Friday, October 7, 2011

Less stuff, more happiness

A case for less being more is made by Graham Hill in a Ted lecture, Less stuff, more happiness.  He  noted that despite the huge average American home size, there is still a 22 billion dollars in storage industry.  Americans currently have  three times the space they had fifty years ago.  Mr. Hill suggests paradoxically that less is equal to more.  Less stuff, less space = smaller foot print, more ease, less costly and more freedom.

His suggestions yo live with less include the following:

1.  Edit ruthlessly, get rid of the extraneous and think before we buy.
2.  Think small.  Space efficiency.  Consider things that nest and stack. Digitize books and photos.
3.  Utilize multifunctional spaces and house ware.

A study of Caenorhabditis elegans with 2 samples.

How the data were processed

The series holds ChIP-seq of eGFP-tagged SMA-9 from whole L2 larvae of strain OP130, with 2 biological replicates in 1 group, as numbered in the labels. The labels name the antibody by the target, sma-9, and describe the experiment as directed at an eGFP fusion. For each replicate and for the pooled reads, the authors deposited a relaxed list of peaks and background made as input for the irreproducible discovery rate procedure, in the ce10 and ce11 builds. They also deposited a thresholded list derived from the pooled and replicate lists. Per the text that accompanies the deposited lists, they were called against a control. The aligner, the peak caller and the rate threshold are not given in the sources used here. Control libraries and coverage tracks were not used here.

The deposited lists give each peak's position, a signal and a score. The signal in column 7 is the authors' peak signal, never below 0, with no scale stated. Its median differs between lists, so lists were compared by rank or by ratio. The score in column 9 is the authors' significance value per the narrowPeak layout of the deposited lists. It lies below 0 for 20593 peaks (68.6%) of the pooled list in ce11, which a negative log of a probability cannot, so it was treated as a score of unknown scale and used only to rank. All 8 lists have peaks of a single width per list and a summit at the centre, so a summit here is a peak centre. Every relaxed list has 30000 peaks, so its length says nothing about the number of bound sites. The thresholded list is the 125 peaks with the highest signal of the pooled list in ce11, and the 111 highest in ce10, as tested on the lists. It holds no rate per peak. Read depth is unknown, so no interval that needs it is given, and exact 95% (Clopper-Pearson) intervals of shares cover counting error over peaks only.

Mr Hill predicts that editing in going to be the skill of this century.

I must confess a story from when we moved 13 years ago from our old home in Robbinsdale. An elderly neighbor from across the street, Mr. Blake, told me he knew we would be moving.  He had foreseen that our 1,300 square foot  house was "much too large" for our small three person family.  Mr. Blake, one of the original home owners in the neighborhood, lived happily in an 800 square foot home.  Truth be told, we did the trendy American thing, and moved to a slightly newer and larger home.

Interestingly, after super sizing the trend is now slowly evolving to smaller homes. Starting in 2009 the average home size in the United States was 100 square feet smaller (30-year growth spurt ends for average American house size).  The median size fell to 2, 094 square feet.